Intel accelerated its anti-Apple campaign this fall as we got closer to the MacBook Pro event in mid-October. We explained all year long that the custom M-series SoC is Intel’s biggest nightmare right now. The M1 MacBooks have fantastic performance and battery life, significantly outperforming Intel-based machines. Intel hasn’t caught up to Apple, and it faces the prospect of other big tech giants developing their own SoCs. Google Tensor is just one such example. Then Apple unveiled the M1 Pro and M1 Max processors this week, twisting the knife.
Apple’s M1 Pro and M1 Max presentation discussed performance at length, comparing the new chips against Intel’s best processors. Apple showed that its chips deliver more power per watt than Intel machines could ever dream of. The first benchmarks that followed show that the 2021 MacBook Pro performance is indeed spectacular. More interestingly, some reports indicate that the highest-end M1 Max MacBook Pro version is more powerful than the PS5. But that’s not necessarily amazing news for gamers.
The M1 Max MacBook Pro performance
The cheapest 14-inch MacBook Pro that you can buy costs $1,999. For that price, you get an M1 Pro SoC that features an 8-core CPU, 14-core GPU, and 16GB of Unified Memory. That memory is accessible to the GPU as well. You have to spend $2,899 on a 14-inch model to get the M1 Max chip (which comes with a 24-core GPU and 32GB of memory).
The cheapest 2021 MacBook Pro with the best M1 Max SoC is the $3,899 16-inch MacBook model. The SoC features a 10-core CPU, 32-core GPU, and 64GB of memory. It’s only the M1 Max that gets the 24- and 32-core GPU options, and access to 64GB of memory. As a result, the M1 Max MacBooks will deliver the best possible performance.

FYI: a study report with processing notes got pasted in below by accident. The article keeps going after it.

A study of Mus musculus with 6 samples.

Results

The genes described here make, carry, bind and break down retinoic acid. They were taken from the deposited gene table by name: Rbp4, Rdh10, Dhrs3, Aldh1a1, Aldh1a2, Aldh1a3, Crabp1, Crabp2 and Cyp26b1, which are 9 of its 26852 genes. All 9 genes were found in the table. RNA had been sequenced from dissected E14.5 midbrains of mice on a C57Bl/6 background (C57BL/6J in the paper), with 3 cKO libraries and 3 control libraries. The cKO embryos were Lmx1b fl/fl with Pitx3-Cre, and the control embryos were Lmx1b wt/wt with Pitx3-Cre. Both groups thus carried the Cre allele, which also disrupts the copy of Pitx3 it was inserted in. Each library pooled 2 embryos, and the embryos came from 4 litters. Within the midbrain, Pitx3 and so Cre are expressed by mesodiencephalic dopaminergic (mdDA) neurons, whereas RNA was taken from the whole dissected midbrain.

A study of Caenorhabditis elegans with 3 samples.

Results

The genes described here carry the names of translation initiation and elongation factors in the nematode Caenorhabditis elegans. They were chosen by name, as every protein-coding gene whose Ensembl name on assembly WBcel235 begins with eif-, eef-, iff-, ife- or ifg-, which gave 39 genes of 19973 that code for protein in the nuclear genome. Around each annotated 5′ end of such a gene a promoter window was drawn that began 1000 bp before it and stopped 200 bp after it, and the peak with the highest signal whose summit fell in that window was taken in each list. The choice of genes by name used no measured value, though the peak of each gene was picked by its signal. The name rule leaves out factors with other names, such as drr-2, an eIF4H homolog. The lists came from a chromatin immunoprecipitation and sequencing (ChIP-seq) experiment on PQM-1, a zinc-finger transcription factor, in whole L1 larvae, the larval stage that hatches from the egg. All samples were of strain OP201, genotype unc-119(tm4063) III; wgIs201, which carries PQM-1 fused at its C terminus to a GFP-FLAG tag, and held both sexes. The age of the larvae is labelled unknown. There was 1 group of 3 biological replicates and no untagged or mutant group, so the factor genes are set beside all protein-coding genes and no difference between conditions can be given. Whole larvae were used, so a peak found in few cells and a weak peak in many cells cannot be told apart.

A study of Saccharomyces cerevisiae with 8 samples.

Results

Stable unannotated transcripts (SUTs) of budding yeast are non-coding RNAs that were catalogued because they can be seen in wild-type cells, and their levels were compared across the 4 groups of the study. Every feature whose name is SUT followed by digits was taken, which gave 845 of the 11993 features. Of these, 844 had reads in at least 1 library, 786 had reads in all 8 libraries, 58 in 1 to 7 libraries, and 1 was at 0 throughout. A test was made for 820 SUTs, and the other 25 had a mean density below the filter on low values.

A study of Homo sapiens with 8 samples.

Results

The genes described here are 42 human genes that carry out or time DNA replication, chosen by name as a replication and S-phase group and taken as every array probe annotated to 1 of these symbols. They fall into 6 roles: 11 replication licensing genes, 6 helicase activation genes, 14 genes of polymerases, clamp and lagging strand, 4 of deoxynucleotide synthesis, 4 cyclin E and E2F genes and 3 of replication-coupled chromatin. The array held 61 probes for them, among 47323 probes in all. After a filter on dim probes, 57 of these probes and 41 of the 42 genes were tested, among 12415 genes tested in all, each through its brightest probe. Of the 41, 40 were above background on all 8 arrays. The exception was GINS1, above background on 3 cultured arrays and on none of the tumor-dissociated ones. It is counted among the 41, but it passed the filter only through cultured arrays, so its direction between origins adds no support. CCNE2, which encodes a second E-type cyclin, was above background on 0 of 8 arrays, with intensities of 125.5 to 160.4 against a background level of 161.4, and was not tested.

Looking at the available data, Notebook Check estimated the teraflops (TF) performance for all the new M1 Pro and M1 Max variations, as follows:
- 2020 M1 8-core GPU = 2.6 TF
- 14-inch exclusive M1 Pro 14-core GPU = 4.5 TF
- Base M1 Pro 16-core GPU = 5.2 TF
- Mid-range M1 Max 24-core GPU = 7.8 TF
- High-end M1 Max 32-core GPU = 10.4 TF
Comparatively, the PS5’s custom GPU offers 10.28 TF of performance. The figures above are estimates. But real-life performance benchmarks will probably show that the most powerful M1 Max MacBook Pro can deliver PS5-grade performance.
Separately, the new MacBook Pros features SSDs with “jaw-dropping” read speeds of 7.4GB/s. The PS5 packs a custom 5.5GB/s SSD. The speed of the SSD is essential for the PS5’s gaming speed.
What about MacBook Pro gaming?
In its anti-Apple campaign, one of Intel’s recurrent ideas is that M1 MacBooks aren’t great for games. As if Intel-powered MacBooks are.
The fact remains that the MacBook Pro isn’t a great gaming PC despite the massive M1 Pro and M1 Max upgrade. As Gizmodo explains, there are a couple of issues that gamers should be aware of when buying a portable gaming system.
First of all, the M1 Max’s massive power comes with a big caveat. You have to pay extra to get the M1 Max. The 24-core GPU version powering a 14-inch MacBook Pro means you’ll spend at least $2,899 for the upgrade. That’s a hefty price tag for a gaming laptop, considering that more affordable solutions are available from the competition.
But say money isn’t the problem, especially if you need the MacBook Pro for work-related activities that require more power. Then you’ll run into a different issue that has nothing to do with Apple’s willingness to support games. Most of the popular games you’d want to play on PC or PS5 aren’t available on macOS. It’s not enough for Apple’s M1 Max to deliver PS5-grade performance if developers don’t port their best titles to macOS. So if you want to play some of the AAA games out there, you can’t do it yet on the new MacBook Pro, no matter how much money you’re willing to spend on the M1 Max processor.
However, as Apple keeps upgrading the M-series SoCs, developers will start paying attention. The M1 Max and M1 Pro machines might not be playing any of the hot AAA games now, but it could all change in a few years.